During the COVID lockdown, prices of cottages and country houses skyrocketed, only to plummet by as much as a fifth last year. Now, they have stabilized, sparking renewed interest. Prices for small cottages generally start at around eight hundred thousand Czech koruna, while larger cottages begin at 1.2 million and country houses at around 2.5 million koruna.
However, if you want a good-conditioned cottage, you should expect to pay at least four million koruna or more. These are the prices even for luxury cottages.
“Compared to last year, there is an overall increase of about a fifth in demand for cottages and country houses,” summarized Ondřej Strada, an analyst from Bezrealitky.cz.
According to him, there is the greatest demand for recreational areas with good accessibility for residents of Prague. “A typical example is Slapy, where demand for recreational properties is a quarter higher than last autumn,” noted Strada.
Lexxus Norton, a real estate agency, has also reported increased interest in recreational properties. “Buyers are also seeking year-round habitable cottages,” said Jana Panochová from the agency.
She added that potential buyers often require comfort in the cottages and usually prefer locations within an hour and a half’s drive from a major city. Most buyers near the capital city do not need a mortgage to make their purchase.
Recreational property prices on Bezrealitky.cz, on average, fell by 15 to 20 percent compared to the COVID extremes.
“The delayed demand has shifted to the summer holidays. Before the next cottage season, prices will likely start rising again,” said Strada.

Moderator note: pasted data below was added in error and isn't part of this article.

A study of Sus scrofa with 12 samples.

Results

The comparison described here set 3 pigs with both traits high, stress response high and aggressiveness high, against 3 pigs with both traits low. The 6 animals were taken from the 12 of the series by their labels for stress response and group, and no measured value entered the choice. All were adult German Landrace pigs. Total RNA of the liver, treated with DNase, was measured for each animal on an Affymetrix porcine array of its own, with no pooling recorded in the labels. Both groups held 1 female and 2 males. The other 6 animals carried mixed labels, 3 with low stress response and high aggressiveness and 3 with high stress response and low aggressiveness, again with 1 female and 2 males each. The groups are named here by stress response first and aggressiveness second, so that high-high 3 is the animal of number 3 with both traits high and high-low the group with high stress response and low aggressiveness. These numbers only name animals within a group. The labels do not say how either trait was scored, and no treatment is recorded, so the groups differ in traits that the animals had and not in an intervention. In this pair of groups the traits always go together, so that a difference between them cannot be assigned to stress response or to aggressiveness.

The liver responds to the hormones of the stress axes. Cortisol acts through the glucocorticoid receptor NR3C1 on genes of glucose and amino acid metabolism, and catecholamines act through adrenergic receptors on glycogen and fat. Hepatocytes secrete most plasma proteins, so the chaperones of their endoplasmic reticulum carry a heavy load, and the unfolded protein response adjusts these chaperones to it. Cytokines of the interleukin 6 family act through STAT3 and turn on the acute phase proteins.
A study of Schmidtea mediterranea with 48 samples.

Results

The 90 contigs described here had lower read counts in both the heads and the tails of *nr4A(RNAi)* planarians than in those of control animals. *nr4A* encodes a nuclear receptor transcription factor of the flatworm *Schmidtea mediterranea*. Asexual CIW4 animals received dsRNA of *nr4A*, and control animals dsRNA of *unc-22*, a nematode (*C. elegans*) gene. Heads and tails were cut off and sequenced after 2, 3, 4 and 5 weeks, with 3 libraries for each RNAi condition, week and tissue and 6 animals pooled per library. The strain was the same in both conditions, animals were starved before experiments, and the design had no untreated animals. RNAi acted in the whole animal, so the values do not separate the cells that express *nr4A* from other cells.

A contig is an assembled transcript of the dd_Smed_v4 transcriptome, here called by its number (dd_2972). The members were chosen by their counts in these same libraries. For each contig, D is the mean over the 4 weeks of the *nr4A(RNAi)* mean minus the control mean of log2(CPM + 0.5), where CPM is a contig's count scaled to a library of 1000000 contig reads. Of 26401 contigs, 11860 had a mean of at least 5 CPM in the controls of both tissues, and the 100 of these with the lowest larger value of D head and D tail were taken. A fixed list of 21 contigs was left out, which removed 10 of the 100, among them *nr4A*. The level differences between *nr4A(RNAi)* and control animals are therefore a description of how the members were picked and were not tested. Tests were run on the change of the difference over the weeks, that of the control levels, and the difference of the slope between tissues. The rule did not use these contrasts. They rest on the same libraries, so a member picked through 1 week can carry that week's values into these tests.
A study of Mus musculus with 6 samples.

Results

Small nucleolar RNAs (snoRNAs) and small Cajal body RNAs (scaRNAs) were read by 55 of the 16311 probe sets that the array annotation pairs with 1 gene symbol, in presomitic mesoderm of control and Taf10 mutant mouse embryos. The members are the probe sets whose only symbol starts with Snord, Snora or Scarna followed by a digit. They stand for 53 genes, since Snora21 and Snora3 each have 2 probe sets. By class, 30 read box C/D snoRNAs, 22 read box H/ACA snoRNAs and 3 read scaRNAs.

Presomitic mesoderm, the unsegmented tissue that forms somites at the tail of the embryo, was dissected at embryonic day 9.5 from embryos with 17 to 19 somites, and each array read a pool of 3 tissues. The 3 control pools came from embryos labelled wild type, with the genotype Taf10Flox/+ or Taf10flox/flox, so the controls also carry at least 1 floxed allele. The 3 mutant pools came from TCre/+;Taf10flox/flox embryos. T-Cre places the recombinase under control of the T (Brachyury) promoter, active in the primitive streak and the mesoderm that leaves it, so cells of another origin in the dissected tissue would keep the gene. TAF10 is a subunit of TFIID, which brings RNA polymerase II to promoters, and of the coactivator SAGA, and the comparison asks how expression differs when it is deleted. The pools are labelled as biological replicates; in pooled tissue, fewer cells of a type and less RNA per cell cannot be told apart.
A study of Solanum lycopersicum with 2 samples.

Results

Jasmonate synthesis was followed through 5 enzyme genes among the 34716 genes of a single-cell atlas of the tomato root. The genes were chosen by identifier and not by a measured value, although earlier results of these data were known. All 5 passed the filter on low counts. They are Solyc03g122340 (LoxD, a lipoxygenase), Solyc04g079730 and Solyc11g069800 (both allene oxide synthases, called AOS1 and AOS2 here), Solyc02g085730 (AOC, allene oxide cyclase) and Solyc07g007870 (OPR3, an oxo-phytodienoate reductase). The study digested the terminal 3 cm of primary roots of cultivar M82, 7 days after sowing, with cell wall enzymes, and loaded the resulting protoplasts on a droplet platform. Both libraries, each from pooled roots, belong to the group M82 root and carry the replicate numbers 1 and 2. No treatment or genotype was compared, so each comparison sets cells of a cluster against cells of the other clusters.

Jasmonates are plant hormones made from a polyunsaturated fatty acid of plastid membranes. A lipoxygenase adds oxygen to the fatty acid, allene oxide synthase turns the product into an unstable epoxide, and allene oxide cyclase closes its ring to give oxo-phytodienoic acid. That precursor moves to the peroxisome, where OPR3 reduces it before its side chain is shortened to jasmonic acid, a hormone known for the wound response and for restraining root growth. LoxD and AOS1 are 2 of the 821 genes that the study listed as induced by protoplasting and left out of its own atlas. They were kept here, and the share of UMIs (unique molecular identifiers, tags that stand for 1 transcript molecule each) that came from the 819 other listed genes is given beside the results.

Sreality.cz currently offers nearly three thousand cottages and country houses for the Czech Republic, usually through real estate agencies. Out of these, five hundred are already marked by brokers for demolition, reconstruction, or ongoing repairs.
The rest are expected to be in good condition, but that is not always the case, and sometimes the actual state of the building is hidden behind superficial “cosmetic repairs.”
Many cottages and country houses are also directly offered by their owners on Bezrealitky.cz.
“However, the line between a recreational property and a so-called second home is becoming blurred,” Strada pointed out. Year-round habitable cottages are priced similarly to family houses in the same area.
“People often buy these second homes because owning a city property is beyond their means. They invest in a quality property outside the city, which they may either sell or move into permanently in the future,” added Strada.
The location remains crucial, with accessibility and tranquility particularly valued in recreational properties.
It is common for a cottage in a desirable location and in excellent condition to cost a million more than a country house requiring costly repairs in the middle of a village near the state border or outside a recreational area.
Due to the Land
However, for some buyers, it is not just about the cottage or country house itself. “There is also a decrease in the supply of properties designated for demolition, which people buy for their quality land,” confirmed Strada. The supply of building land is still decreasing, and compared to last year, prices have risen even though mortgage rates have also increased.
Mountain apartments and chalets are a completely different category. A studio apartment near a mountain resort starts at five million koruna. For example, a villa in Kvilda on the Šumava Mountains costs twenty-two million koruna, and chalets with very nice plots of land cost twelve to fifteen million koruna.
These recreational properties have a higher price per square meter than regular apartments in Prague due to the income generated from short-term rentals of mountain apartments.